I was having a conversation today with a friend in which I recalled that, some time ago, I had predicted that the Anglican Church of Canada would be out of business by 2030 and the Episcopal Church by 2050. Now, before people make wrong assumptions about my motivation in saying that, let me hasten to state that I make those predictions with great sadness, and without any trace of smugness or schadenfreude. If I didn't love the Episcopal Church, I wouldn't have joined it, after having ministered in another tradition for nine years. But the Episcopal Church took a hard left turn after I got on board and sailed straight into an iceberg. And though the icy water has yet to hit the boiler room, several decks have already taken on water, and the ship is listing.
What prompted my conversation today was the news that the portion of the Diocese of Quincy that remained in the Episcopal Church after the majority voted to leave, in 2008, is now contemplating merging (being absorbed, more likely) into the Diocese of Chicago.
Being from Southern Illinois and having been ordained in the Diocese of Quincy, I know that the people of Quincy have far more in common with people in the Diocese of Springfield than the Diocese of Chicago. Quincy and Springfield have even shared youth camps and clergy retreats for many years. So the merger with Chicago seems odd to me. What I suspect may be inclining Quincy to look at Chicago is a question about the long term viability of Springfield and a sense that all of Illinois will eventually merge back into one diocese (as it was prior to 1877) anyway.
The situation in Illinois is far from unique. The TEC dioceses of Fort Worth and San Joaquin will have to be merged into their neighbors as soon as the lawsuits against departing Anglicans are settled. Given declines in membership, sooner or later, El Camino Real and Northern California will probably merge back into California. San Diego will merge back into Los Angeles. Northern Michigan and Eastern Oregon should have merged with one of their neighbors a long time ago. Western Kansas and Kansas should have merged as well.
Fond du Lac and Eau Claire thought they had agreed to merge last fall, but a recount showed it failed by one or two votes. I imagine that there are those in Fond du Lac who breathed a collective sigh of relief that they managed to avoid taking on the financial burden that the merger would have most likely entailed. But eventually, just as in Illinois, the three dioceses in Wisconsin may find themselves merging back into one. What appears certain is that the decreasing viability of a number of dioceses across the US means that the likelihood of mergers (or "junctioning," to use the episcopally correct term) will only increase.
A lot of dioceses will wait until it is too late and eat up their endowments before they merge: Delaware, Easton, and Maryland; Long Island and New York; Connecticut and Rhode Island. One could easily make the case that all the dioceses in upstate New York (Western New York, Rochester, Central New York, and Albany) ought to merge. The Episcopal landscape is going to look a lot different in the coming years. But, based on my estimates (taking into account the average age of Episcopalians, no conversion growth, low birthrate, and poor retention of young people), things start imploding at an alarming rate after about 2018--and that's only six years from now.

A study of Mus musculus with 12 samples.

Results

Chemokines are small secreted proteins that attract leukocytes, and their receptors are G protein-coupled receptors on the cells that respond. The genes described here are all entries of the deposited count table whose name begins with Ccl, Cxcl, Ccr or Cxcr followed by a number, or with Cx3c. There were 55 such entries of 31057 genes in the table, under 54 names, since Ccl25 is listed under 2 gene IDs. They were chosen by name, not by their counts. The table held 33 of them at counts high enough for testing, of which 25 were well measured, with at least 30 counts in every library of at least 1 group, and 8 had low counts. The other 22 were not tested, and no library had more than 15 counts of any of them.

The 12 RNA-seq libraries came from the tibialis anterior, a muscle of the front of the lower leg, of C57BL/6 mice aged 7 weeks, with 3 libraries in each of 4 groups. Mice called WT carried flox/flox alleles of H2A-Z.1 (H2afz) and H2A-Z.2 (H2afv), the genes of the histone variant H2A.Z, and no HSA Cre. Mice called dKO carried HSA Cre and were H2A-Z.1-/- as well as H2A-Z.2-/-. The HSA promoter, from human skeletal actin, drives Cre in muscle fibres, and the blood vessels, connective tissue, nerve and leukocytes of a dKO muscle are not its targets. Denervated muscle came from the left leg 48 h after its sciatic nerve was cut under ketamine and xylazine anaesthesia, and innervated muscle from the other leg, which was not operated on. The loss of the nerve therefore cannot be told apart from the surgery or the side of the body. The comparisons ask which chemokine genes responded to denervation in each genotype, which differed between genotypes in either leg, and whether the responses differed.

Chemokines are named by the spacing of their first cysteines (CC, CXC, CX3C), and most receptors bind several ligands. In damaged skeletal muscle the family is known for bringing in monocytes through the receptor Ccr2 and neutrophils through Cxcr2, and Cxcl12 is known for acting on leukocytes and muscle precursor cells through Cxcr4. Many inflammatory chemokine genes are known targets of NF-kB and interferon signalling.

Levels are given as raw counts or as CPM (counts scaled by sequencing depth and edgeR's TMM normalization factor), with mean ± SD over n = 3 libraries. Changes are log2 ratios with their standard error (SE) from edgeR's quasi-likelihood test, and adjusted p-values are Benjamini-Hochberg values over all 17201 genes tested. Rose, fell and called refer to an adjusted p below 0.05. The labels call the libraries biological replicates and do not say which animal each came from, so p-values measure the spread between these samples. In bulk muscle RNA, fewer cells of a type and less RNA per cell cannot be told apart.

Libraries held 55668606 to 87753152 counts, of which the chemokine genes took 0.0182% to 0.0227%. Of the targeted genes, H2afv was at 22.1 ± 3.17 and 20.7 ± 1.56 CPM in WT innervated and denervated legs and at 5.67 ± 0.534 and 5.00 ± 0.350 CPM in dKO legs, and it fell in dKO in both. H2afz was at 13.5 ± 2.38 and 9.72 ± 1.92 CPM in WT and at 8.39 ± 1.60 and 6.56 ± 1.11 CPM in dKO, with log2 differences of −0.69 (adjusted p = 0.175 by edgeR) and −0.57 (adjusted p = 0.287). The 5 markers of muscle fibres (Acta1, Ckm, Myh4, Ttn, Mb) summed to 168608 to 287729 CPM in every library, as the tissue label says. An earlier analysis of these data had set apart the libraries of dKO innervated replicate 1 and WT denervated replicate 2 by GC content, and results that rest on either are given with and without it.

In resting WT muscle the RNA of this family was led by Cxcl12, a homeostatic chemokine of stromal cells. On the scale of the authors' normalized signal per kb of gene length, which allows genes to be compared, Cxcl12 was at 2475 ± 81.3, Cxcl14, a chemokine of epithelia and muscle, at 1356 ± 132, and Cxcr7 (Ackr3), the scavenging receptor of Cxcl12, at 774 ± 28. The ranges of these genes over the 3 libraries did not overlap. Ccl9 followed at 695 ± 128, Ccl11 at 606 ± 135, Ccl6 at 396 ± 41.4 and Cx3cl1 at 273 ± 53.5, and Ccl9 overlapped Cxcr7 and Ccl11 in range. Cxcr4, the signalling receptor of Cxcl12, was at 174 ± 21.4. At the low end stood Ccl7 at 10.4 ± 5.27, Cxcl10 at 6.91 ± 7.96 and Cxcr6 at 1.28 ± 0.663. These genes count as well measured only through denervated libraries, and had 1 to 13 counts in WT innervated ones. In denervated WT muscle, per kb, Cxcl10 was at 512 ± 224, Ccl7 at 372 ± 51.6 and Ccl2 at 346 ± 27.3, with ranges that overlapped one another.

When I say that the Episcopal Church will be out of business by 2050, I don't mean that every last Episcopal church will close its doors. Trinity, Wall Street, has enough money to operate in some form until the eschaton. All Saints, Pasadena, will continue to survive as long as there are liberals in Los Angeles who need religious validation of their lifestyles and political views. The same can be said for Grace Cathedral, San Francisco, although they will probably never have another dean who will succeed in pulling that off with such an unusual combination of gravitas and panache as Alan Jones.
The Proctor and Gamble endowments in Southern Ohio and the Eli Lilly endowments in Indianapolis, and a number of other examples elsewhere, will insure that Episcopal parishes in various places survive in some form. But, increasingly, the Episcopal Church will be a network of wealthy (but not necessarily well attended) parishes in various metropolises with very little in between. Thanks to the Consortium of Endowed Episcopal Parishes, these churches already have their network. But what it means for the Episcopal Church to exist as a denomination will change radically; and for people in many parts of the country, the Episcopal Church will simply cease to exist as part of the religious landscape.
Which leads to my question: What will the Episcopal Church look like in 2030? One possible scenario would be for the Episcopal Church to operate on a model that is based around its provincial structure, instead of the current diocesan structures. That map would look something like this:
Each province would have a certain number of bishops and locate them wherever necessary in the province. The president of the province would function as a metropolitan.
Another, more conservative possibility might see the Church merged into, for example, around 30-40 domestic dioceses, instead of the current 100, and look something like this:
Let me make clear, this is just speculation. So if you live in, let's say, Mississippi, please don't write me and say, "But I don't want to be merged with Louisiana." It's just a guess. And it will probably be someone the age of your children who makes the decision in 18 years anyway. (That's six more General Conventions, for those who measure their life that way.)
The only thing certain about any of this is that the Episcopal Church will not have 100 domestic dioceses 18 years from now. What do you think the Episcopal Church will look like in 2030? Ask yourself. Send a comment, if you wish.